Classic Bike Guide
I have a bit of a soft spot for Birmingham-made Levis lightweights as my Granny used to own one and would tell of her times belting round the West End of London on one in her flapper dress in the 1920s. A picture of her exists on her Levis, with an unnamed dashing beau on his Norton.
Coming across a 211cc 1921 Baby Levis made me respect Granny all the more – the two-stroke engine had separate hand pump oiling and direct belt drive with no gears or clutch, just a decompressor. Current owner John Lay explained that the main challenge when riding the Levis is right-hand turns. You have to pull in the compressor to stop the engine if you have to come to a halt, then bump-start it to get it going again. This would, one supposes, have been easier to do when there were 1920s levels of traffic.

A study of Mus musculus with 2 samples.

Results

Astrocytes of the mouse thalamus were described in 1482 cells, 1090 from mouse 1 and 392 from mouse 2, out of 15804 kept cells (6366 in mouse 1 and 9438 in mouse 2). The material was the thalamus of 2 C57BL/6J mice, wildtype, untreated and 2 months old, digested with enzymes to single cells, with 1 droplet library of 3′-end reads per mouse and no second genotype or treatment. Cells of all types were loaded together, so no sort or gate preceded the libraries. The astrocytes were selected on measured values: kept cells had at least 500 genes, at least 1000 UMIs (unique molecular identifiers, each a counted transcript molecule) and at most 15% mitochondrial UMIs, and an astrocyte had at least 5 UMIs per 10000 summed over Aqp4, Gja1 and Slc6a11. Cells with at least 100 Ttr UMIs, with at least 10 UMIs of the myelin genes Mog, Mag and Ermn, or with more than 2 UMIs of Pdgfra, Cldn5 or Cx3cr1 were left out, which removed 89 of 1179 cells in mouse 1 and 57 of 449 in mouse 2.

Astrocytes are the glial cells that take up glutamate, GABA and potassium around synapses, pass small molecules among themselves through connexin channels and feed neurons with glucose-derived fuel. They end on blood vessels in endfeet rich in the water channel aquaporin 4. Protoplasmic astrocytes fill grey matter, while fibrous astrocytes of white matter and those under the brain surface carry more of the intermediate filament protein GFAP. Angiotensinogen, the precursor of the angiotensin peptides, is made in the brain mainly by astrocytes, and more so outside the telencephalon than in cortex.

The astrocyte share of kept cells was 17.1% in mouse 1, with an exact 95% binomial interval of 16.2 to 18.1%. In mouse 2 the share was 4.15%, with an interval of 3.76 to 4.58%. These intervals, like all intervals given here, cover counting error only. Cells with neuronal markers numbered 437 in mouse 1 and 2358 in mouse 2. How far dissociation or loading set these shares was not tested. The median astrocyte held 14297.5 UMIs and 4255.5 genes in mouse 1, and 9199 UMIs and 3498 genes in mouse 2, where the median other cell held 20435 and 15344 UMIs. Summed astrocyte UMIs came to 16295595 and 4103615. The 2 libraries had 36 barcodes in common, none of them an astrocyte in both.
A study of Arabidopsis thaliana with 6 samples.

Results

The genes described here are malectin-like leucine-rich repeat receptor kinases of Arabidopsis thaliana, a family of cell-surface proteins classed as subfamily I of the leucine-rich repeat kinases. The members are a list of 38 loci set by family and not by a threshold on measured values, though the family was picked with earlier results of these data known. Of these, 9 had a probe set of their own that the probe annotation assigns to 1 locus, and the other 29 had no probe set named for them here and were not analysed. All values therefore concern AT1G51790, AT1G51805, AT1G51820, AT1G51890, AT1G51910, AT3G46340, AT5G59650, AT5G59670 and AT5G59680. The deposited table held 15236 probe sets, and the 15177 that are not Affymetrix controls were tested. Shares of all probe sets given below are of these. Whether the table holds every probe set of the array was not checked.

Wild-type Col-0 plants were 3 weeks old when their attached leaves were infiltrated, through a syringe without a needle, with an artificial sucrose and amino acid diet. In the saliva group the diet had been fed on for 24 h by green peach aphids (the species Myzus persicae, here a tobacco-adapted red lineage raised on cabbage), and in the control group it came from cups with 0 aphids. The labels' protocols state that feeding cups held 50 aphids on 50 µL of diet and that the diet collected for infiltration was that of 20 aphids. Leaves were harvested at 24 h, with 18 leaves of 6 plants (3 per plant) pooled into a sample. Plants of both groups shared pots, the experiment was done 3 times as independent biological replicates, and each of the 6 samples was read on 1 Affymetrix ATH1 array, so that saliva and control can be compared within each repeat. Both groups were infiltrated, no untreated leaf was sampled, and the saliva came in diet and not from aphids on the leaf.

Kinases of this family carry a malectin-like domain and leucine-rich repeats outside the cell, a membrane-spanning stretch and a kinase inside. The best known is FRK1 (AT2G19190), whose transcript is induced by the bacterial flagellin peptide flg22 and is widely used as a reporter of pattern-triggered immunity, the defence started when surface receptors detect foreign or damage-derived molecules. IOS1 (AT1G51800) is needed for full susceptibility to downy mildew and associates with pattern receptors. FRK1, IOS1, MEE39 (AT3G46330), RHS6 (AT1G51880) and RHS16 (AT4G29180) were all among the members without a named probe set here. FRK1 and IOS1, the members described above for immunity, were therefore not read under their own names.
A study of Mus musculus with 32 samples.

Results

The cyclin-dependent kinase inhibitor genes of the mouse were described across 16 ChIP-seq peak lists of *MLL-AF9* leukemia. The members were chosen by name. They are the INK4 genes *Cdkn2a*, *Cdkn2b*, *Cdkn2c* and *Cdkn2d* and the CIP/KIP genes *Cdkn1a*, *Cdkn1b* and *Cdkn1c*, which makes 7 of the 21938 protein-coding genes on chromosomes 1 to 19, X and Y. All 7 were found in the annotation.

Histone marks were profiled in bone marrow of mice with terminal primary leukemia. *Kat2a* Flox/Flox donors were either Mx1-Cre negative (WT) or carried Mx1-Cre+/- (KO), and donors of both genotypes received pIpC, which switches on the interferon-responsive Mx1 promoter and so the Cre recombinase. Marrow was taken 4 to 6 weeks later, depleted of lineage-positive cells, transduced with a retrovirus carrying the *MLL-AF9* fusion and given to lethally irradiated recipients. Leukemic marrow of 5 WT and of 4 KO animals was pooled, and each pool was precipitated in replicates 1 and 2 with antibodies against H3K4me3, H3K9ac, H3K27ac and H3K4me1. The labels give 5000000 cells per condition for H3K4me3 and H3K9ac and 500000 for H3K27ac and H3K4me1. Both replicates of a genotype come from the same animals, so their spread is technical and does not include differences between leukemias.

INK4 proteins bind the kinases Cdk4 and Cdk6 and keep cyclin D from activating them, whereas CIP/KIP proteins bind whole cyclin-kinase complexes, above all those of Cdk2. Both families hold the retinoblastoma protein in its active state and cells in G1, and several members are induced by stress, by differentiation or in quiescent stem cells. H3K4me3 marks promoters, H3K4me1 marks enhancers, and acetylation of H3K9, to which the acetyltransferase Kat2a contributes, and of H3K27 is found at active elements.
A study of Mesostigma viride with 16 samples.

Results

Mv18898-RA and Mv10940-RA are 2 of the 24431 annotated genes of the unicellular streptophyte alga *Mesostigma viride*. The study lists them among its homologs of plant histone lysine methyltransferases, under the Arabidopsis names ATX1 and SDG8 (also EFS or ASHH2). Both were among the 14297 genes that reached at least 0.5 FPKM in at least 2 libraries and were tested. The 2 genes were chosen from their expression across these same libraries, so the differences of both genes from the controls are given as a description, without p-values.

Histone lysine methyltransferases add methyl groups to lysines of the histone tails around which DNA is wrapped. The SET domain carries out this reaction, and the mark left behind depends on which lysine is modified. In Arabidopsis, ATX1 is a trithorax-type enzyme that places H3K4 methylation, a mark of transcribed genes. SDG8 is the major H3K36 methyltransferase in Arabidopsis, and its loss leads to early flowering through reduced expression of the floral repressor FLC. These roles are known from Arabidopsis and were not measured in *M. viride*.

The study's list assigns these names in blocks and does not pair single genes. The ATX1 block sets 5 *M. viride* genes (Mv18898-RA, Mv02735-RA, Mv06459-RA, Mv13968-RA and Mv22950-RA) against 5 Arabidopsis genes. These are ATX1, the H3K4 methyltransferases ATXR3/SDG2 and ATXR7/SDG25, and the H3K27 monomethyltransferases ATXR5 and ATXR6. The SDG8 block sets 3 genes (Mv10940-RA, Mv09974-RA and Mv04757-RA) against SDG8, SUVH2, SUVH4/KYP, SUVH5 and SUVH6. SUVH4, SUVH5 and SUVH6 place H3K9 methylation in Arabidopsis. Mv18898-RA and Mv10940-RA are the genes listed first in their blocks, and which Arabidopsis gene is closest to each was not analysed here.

The original owner, a Mr Greening, bought the Levis new in 1921 from a garage in Winchcombe, Gloucestershire, and kept it until 1969, when it was sold at an auction at Blenheim for £95. It then vanished from view until 1986 when a VMCC member, Mr Saint, swapped his Yamaha Virago for its remains in 10 cardboard boxes and restored it.
John still rides it, though as it has no crank oil seals, it needs a lot of winding up before the two-stroke oil provides enough of a seal to let the engine run. Ones it has started, he says, keeping it going is not a problem.
Levis, by the way, is Latin for ‘light’, as in ‘levity’. Levis stopped production at the start of the Second World War and made compressors for the military instead, never returning to motorcycle production, though there are current efforts to relaunch the brand with a V8 superbike.